Celebration Packaging survey shows consumers confused over which materials best for environment when compared to plastic


“In our previous report on the findings of the survey, we looked at how over 50% of consumers expect a food-to-go outlet to provide cutlery, while 51% of consumers never, or rarely use reusable cutlery for eating on the go,” says Celebration Managing Director Nick Burton. “We concluded that takeaways are still going to have a requirement for single-use cutlery of some kind, despite the bans.”

“Here, we look at consumer understanding of alternative materials, sustainability and end of life options.” 

Material choices

When compared to plastic, the survey showed that 42% of consumers in the UK agree that wood is their most preferred type of cutlery, because it is sturdy (43%) and it is recyclable or compostable (42%).

Only 17% of respondents in the survey were aware of moulded fibre cutlery, otherwise sometimes called bagasse, as a viable alternative. While they described it as ‘environmentally friendly’ as it uses natural fibres, and found it to be sturdy, various comments were made about its characteristics. “I don’t like the feel of it and food sticks to it,” was one observation, while others were: “It is not as strong as plastic,” and “The texture is not smooth like plastic or metal.”

“In the survey, the preference expectations around bamboo and metal as reusable cutlery lead us to believe that consumers are yet to discover the benefits of bagasse cutlery alternatives,” says Nick Burton.

“When we established our EnviroWare® brand over 16 years ago, we set out to seek better and more sustainable packaging solutions, made from different materials which can be reused or recycled.”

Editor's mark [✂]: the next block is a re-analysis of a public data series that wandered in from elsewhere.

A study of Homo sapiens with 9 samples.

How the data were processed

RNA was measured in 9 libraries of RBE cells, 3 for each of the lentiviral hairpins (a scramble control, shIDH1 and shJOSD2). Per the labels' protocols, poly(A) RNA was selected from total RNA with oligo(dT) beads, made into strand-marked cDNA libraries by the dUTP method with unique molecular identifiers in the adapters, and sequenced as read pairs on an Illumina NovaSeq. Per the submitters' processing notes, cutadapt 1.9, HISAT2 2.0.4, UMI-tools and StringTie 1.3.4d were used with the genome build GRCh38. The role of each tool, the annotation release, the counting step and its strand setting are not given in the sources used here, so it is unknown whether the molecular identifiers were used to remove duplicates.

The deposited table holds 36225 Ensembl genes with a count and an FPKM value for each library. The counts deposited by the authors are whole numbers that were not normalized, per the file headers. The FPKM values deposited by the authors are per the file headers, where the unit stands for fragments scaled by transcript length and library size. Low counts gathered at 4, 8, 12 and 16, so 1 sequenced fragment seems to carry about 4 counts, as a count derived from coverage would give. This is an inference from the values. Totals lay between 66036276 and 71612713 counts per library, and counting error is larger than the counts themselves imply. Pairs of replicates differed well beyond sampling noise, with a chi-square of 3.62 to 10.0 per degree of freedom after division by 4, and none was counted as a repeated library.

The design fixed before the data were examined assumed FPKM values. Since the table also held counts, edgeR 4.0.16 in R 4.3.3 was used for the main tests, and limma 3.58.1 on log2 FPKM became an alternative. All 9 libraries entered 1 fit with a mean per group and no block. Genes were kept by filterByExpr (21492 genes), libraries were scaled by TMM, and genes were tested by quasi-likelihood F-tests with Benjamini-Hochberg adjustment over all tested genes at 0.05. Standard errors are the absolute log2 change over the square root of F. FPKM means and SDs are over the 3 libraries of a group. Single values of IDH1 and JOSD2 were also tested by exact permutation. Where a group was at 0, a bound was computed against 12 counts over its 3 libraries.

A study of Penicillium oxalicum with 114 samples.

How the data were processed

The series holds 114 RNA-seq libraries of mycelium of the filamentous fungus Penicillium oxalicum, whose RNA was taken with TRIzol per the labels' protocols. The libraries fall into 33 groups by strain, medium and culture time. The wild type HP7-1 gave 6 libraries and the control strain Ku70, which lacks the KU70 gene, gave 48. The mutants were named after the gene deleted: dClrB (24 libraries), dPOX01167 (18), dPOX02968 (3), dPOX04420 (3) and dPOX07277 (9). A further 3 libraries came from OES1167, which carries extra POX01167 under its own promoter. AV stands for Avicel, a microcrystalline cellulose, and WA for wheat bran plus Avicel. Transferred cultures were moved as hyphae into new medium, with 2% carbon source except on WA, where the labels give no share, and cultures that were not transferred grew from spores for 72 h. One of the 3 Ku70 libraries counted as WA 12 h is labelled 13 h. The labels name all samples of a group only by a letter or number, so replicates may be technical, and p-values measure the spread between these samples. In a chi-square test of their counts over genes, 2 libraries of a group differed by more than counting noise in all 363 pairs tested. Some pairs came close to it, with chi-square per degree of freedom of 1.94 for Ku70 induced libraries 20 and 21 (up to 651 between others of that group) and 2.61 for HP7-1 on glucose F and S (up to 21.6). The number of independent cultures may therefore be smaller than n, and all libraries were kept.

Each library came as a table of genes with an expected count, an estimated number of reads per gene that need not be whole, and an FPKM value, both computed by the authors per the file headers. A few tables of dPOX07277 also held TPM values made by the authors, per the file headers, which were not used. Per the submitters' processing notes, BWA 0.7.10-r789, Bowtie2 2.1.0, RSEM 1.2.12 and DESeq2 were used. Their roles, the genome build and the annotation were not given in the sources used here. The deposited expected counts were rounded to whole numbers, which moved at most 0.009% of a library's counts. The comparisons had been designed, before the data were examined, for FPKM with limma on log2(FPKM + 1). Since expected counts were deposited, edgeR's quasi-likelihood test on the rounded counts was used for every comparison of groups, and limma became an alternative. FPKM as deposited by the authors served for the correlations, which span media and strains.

Thinking about the environment

When asked to comment on the environmental impact of different materials, three in four (75%) felt that plastic cutlery is worst for the environment, while there is less consensus on which is the best. Around a quarter believe that metal (27%), wood (25%), or paper (23%) is best.

“It is important for consumers to understand the varying environmental impacts of different materials, but they also need to know if these materials are sustainably sourced,” says Nick Burton. “We always say: ‘look for the FSC® logo‘ to see if wood, paper or bamboo products are Forestry Stewardship Council certified.”

End of life

Understanding of how to dispose of different cutlery types differed widely. The survey shows that over a quarter (27%) of consumers in the UK don’t know how to dispose of moulded fibre cutlery, while nearly two thirds (63%) know that plastic cutlery should be recycled.

It is interesting that the understanding around whether materials are recyclable or compostable varies so much depending on the age group,” says Nick Burton. “Surprisingly, older people are more likely to prefer a material for being recyclable – 25% in the 18 to 24 group versus 58% in the over 65s. 43% in the 55-64 age group preferred materials for being ‘good for the environment’, but this fell to 20% for 18–24-year-olds.

“Celebration Packaging offers a wide range of options including EnviroWare® packaging made from compostable and recyclable materials. As a consultative business with many years’ experience in the sector, we can help outlets choose the most appropriate solutions which best match their business.”